Wheel Weights for casting


Post by Jon Eulette on Sat Jan 30, 2016 12:47 pm

Does anyone know of a way to discern old lead wheel weights from the newer zinc ones? I have a friend who has had problems from the zinc ones getting into his ingot batch. He's tried removing top layer from large melting pot while making ingots with no success. They have a tendency of clogging his furnace nozzle.
Jon


Post by Magnusbullets on Sat Jan 30, 2016 12:51 pm

Bad problem today with zinc weights. Makes lead act like oatmeal.


Post by Wobbley on Sat Jan 30, 2016 1:06 pm

Over here there is a thread on using techniques to detect zinc wheel weights.  And there's a technique discussed on how to remove zinc from a melt.  http://castboolits.gunloads.com/showthread.php?62957-A-possible-way-to-remove-zinc-from-molten-lead


Post by fc60 on Sat Jan 30, 2016 1:09 pm

Greetings,

One method is to start a melt with known wheel weights. Then add the pieces one at a time and watch for the ones that "float". These are the Zinc weights.

The secret is to keep the melt just at the temperature that the wheel weights melt and well below the melting point of Zinc. Do not tarry, as the Zinc will slowly mix in with the molten mix.

If the melt gets too hot, the Zinc will mix in the the rest of the melt ruining everything.

Search the web. There are folks that are more well versed on this issue and they have the exact temperature needed to perform the task.

You will need an accurate thermometer to monitor the job; or, one of the fancy PID controller kits using a thermocouple. Again, check with an accurate thermometer.

Cheers,

Dave


Post by Jon Eulette on Sat Jan 30, 2016 1:35 pm

Thanks guys, I'll pass it on.
Jon


Post by LenV on Sat Jan 30, 2016 1:38 pm

I use a lot of zinc in my business and don't like it when it is contaminated with lead. Lead mixed with the zinc makes a very poor anode. Zinc melts at around 787fh and lead around 621fh. I use a laser hand held temp gauge to keep me from over heating the pot. I mostly melt down used hull zincs or pot anodes so I have never developed a system of separating except the obvious one of never re-melting an anode that didn't work. Long story to explain why I have several of these.
http://www.ebay.com/itm/Raytek-MT6-Non-contact-MiniTemp-Infrared-Thermometer-New-/381276463440?hash=item58c5d92150:g:1UAAAOSw3xJVZ7H4


Post by Accunlmtd on Sat Jan 30, 2016 1:41 pm

Look on the side of the wheel weight, most now have the material acronym. ZN for zinc, AL, for aluminum, TN for tin etc.


Post by inthebeech on Sat Jan 30, 2016 9:09 pm

If you have dialed in your pot to be only as hot as necessary for lead (which you would definitely do to keep from frosting your bullets), no worries about melting zinc.  Just pick them off of the top.  Also a very noticeable difference in cold hardness.  A little practice with a pair of cutters and you can identify zinc (almost no indentation with significant pressure on the handles of the cutters) before they even get in the pot.  The mortality rate in a typical bucket of free wheelweights in my area is now about 50%; getting to be not worth the effort to scrounge anymore.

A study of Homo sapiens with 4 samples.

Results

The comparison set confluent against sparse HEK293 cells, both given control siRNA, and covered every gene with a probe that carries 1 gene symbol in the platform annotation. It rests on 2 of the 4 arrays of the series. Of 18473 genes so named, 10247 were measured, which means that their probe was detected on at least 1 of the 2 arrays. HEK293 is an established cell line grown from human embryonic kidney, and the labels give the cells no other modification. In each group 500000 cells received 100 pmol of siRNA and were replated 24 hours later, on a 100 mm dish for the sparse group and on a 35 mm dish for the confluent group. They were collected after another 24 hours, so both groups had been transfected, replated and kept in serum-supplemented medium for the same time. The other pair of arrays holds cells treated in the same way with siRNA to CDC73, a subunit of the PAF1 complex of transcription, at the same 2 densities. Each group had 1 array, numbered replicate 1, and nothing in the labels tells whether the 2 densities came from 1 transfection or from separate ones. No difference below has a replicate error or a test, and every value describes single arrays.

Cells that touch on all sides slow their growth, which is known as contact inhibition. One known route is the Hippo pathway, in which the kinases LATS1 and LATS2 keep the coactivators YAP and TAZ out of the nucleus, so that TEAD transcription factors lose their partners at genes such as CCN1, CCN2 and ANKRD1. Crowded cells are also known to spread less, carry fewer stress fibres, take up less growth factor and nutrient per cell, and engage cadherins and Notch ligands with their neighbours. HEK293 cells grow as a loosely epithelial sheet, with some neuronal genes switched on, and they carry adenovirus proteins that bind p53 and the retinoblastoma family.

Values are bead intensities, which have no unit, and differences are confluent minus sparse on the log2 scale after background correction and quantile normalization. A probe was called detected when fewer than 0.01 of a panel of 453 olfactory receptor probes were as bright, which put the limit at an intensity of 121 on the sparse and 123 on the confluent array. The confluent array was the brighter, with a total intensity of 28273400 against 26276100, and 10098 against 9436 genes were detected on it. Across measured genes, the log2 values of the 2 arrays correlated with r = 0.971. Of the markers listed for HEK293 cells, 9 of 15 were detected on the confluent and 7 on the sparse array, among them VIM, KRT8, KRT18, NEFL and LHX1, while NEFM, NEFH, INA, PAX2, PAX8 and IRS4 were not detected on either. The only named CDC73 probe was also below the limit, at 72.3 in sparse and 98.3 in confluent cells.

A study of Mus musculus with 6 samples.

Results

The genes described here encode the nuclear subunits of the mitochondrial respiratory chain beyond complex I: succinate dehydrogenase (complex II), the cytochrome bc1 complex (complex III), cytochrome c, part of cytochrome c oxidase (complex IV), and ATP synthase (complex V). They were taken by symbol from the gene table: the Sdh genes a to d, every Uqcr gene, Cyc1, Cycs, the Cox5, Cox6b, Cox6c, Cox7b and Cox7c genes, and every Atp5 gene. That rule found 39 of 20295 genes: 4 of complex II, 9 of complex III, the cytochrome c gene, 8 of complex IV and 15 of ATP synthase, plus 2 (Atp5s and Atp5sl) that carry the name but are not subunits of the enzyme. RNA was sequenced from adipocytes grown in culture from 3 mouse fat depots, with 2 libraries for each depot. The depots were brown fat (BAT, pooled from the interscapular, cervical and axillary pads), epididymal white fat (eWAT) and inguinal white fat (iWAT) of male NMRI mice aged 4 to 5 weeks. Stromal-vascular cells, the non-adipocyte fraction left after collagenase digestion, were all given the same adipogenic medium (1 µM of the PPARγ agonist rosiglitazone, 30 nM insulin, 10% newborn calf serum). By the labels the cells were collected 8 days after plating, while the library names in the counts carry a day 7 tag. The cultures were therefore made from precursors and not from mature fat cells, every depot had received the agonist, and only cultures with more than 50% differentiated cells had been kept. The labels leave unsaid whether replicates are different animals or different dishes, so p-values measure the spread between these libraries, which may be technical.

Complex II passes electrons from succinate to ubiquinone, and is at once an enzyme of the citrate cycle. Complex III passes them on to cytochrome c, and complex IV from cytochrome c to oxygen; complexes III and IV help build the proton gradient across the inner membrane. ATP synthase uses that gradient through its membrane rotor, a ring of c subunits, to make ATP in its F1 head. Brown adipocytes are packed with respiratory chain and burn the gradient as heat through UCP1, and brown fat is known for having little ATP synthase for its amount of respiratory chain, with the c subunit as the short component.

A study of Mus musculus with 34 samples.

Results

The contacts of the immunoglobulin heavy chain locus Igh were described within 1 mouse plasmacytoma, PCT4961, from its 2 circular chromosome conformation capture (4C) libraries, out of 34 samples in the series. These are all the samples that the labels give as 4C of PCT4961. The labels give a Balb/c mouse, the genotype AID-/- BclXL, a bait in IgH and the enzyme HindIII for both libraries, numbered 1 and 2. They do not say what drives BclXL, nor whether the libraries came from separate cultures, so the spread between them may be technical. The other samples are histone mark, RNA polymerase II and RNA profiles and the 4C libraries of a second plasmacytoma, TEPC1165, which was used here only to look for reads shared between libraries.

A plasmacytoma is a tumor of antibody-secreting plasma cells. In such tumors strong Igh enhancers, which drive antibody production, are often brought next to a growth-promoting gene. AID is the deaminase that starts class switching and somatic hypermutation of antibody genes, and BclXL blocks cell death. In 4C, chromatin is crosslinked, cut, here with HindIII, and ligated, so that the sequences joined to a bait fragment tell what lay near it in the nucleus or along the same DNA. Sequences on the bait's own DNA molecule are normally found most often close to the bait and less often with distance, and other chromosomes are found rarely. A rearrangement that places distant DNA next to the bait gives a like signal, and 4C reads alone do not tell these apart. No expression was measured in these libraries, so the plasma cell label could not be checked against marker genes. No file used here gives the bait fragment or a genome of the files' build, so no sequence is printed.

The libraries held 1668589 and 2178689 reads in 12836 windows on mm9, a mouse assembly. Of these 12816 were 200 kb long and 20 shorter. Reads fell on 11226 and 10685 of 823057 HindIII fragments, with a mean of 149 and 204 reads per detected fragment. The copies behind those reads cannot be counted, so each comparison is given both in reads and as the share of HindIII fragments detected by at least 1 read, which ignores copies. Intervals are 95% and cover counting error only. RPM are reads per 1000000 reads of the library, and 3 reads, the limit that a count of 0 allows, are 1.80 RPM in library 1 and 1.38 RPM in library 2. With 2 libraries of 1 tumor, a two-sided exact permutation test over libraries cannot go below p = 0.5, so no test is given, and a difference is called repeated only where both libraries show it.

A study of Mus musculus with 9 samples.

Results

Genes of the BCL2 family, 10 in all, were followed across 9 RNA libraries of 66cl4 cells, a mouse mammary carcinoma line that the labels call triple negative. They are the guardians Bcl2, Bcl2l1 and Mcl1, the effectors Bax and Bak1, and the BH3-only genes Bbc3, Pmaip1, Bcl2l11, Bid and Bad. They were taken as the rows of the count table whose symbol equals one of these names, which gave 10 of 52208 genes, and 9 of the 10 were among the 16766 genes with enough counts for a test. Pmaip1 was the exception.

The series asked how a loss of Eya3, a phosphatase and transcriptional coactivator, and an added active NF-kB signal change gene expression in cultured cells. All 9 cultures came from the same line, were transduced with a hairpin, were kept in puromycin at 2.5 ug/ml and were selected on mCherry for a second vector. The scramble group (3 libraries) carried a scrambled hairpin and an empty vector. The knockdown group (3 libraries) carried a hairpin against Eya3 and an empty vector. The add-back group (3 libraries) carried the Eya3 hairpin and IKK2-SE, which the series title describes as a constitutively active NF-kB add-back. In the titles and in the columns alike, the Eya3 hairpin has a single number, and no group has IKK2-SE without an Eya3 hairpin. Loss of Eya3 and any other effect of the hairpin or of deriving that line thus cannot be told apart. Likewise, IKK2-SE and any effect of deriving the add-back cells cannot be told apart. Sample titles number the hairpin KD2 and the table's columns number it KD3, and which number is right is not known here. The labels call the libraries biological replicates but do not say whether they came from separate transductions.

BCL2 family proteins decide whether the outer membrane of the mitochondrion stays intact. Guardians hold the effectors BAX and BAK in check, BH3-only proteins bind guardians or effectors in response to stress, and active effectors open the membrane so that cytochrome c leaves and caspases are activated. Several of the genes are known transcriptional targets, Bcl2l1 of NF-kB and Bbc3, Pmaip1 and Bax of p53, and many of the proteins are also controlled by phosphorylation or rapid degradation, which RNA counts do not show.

Post by etmci on Sun Jan 31, 2016 4:04 pm

This is my first post on this site. I am a long time caster. I bought a Colt Trooper 357 Mag back in 1970 and a few days later my father handed me a bullet mold and told me "If you hope to learn to shoot that thing you better learn how to use this". It was some of the best advice I ever received. Unfortunately zinc and steel WW have been forced on us by the environmentalists. Today I presort all my WW before they get near my melting pot. Zinc WW usually have "ZN" molded into them and steel WW usually have "FE" stamped into them. The real test if you are unsure is a pair of wire cutters. Lead based WW will cut with the plyers while the zinc and steel won't. Save your zinc WW in a separate container because technology is being developed to cast bullets from zinc. Don't laugh .....
the tree huggers forced it on us.


Post by Jon Eulette on Mon Feb 01, 2016 2:36 am

Ok next question?
He has approximately 750# of zinc contaminated ingots. Can it be separated?
Thanks
Jon


Post by etmci on Mon Feb 01, 2016 12:01 pm

I would try removing the zinc in small batches. Begin by melting a pot full. Once it heats up add several tablespoons of copper sulfate. Just let sit on top of the melt till it turns from blue to white. This happens when the moisture in the copper sulfate evaporates. Once it turns white work the copper sulfate through the melt by stirring and rubbing against the side of the pot. It works best with a small amount of tin added to the melt. When doing this the copper adheres to the tin and the zinc adheres to the sulfur. The copper sulfate is saturated when it turns a dark grey or black. It will be a powder and should be removed from the pot. Some of what appears to be contamination could be from dirt that hasn't been fluxed out of the melt. Copper sulfate is available at farm supply stores. It is used to control insects. Using the copper sulfate has the advantage of adding copper to the alloy which gives an alloy greater shear strength with higher velocities possible without leading.


Post by Jon Eulette on Mon Feb 01, 2016 12:31 pm

Thanks I'll pass it on
Jon


Post by NickMarciano on Tue Feb 02, 2016 8:57 am

I came into a large quantity awhile back.  I picked out the questionable ones and dropped them on the floor.  The Zinc will  make a clang type noise where the lead ones are quieter.
I also get a large wire cutter and squeeze them in it.  The wheelweights that are lead will gouge  whereas the Zinc will barely be scratched.


Post by davekp on Tue Feb 02, 2016 9:39 am

You can also test with a file. The file will dig in on the lead weights but will skid across the zinc weights.
If you keep the temperature reasonable while melting down, the zinc weights (and steel clips) will simply float to the surface.